Welcome to week 7 of my 3-month series called: 

TAKE YOUR LEADERSHIP TO THE NEXT LEVEL: Learn the 3-pillars of leadership success.

Today we will discuss the importance of managing conflict as a critical method of developing a high-performing team.

If your goal is to have a high-performing team, then you must manage conflict effectively.

What happens when you ignore conflict?

Tension increases in your relationships, right? 

What happens when you address conflict properly?

Well, your team can go back to being productive.

It’s important to realize that there are actually two types of conflict:

  1. Destructive conflict: This is an ego-based conflict filled with anger, resentment, and a win-lose outcome. 
  2. Productive conflict: This is when people feel safe to share their ideas even if they are concepts that challenge the status quo or go against the grain. 

Some leaders tend to avoid both kinds of conflict. 

They tend to feel nervous when a conversation gets heated or when they watch other people debate ideas. I hear these leaders say things like, “This debate is going nowhere; I’m out of here.”

Rather, to get buy-in and encourage accountability and commitment on your team, a more effective response could be, “This is great. This debate you are having is exactly what we need to get better results.”

So, don’t avoid a healthy debate. Lean into it and let it take its course.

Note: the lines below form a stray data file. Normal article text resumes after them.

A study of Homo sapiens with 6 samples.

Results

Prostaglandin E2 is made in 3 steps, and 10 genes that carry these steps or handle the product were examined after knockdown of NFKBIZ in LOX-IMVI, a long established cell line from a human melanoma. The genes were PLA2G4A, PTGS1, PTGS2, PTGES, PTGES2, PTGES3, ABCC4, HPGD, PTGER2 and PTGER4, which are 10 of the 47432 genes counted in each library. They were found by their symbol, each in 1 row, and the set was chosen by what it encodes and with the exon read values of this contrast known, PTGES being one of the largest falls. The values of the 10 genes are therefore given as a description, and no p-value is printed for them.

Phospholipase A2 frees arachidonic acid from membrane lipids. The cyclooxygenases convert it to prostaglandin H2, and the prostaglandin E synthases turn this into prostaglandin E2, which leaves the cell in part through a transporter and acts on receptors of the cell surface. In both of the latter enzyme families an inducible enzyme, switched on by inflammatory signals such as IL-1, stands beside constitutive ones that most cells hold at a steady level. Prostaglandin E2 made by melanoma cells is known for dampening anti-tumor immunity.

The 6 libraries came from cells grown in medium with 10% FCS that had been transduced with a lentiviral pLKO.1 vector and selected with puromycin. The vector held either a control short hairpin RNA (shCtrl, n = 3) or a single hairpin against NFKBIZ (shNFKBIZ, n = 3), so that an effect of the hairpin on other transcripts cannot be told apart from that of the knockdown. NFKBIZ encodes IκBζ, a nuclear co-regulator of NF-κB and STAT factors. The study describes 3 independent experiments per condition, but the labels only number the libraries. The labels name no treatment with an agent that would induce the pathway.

Here are three effective ways that you can encourage productive conflict on your team:

  1. Focus on the task or idea: Don’t make the conversations personal. It’s not about criticizing another person or their behaviors. Give balanced feedback on why you like the idea and why the idea might be problematic. 
  2. Give everyone a chance to speak. To have a high-performing team, everyone needs to feel heard. During a meeting, for example, you can give each person on your team 3-5 minutes to share their ideas. This creates space for the people who don’t usually share their perspectives to be heard.
  3. Seek first to understand before being understood. This concept is my favorite from Stephen Covey’s book The Seven Habits of Highly Effective People. This approach ensures that you stop talking and really listen to another person’s ideas and perspectives. It does not mean that you will necessarily agree with their approach, but it does ensure that they feel heard.

Your goal as a leader is not to ignore conflict.

Remember that conflict is not innately negative.

Rather, try to be open to other people’s ideas. 

Create the time and space for your team to be heard.

This is a great way to build commitment and accountability on your team.

Lead Your People Program

I am really excited to announce that the next Lead Your People Program will start on November 1st, 2022.

This LIVE program delivered over ZOOM will focus on the 6 key leadership skills that you can leverage to lead your team with confidence and ease. 

Here are the topics and dates:

  • Module 1: How to leverage your workstyle using the DiSC Profile – November 1
  • Module 2: How to give feedback and have difficult conversations – November 29
  • Module 3: How to coach for results – January 10
  • Module 4: How to delegate and develop your team effectively – January 24
  • Module 5: How to manage your time and priorities – February 7
  • Module 6: How to lead and communicate change – February 21

Go here to register and find out more:

Space is limited, so register today.


Vanessa Judelman

Vanessa Judelman is an author, coach, and sought-after leadership expert. Over the past 20 years, she has created a proven formula to develop results-oriented leaders who feel empowered and confident in their job. Vanessa is the author of Mastering Leadership: What It Takes to Lead in Today’s Fast-Paced World. Order your copy here.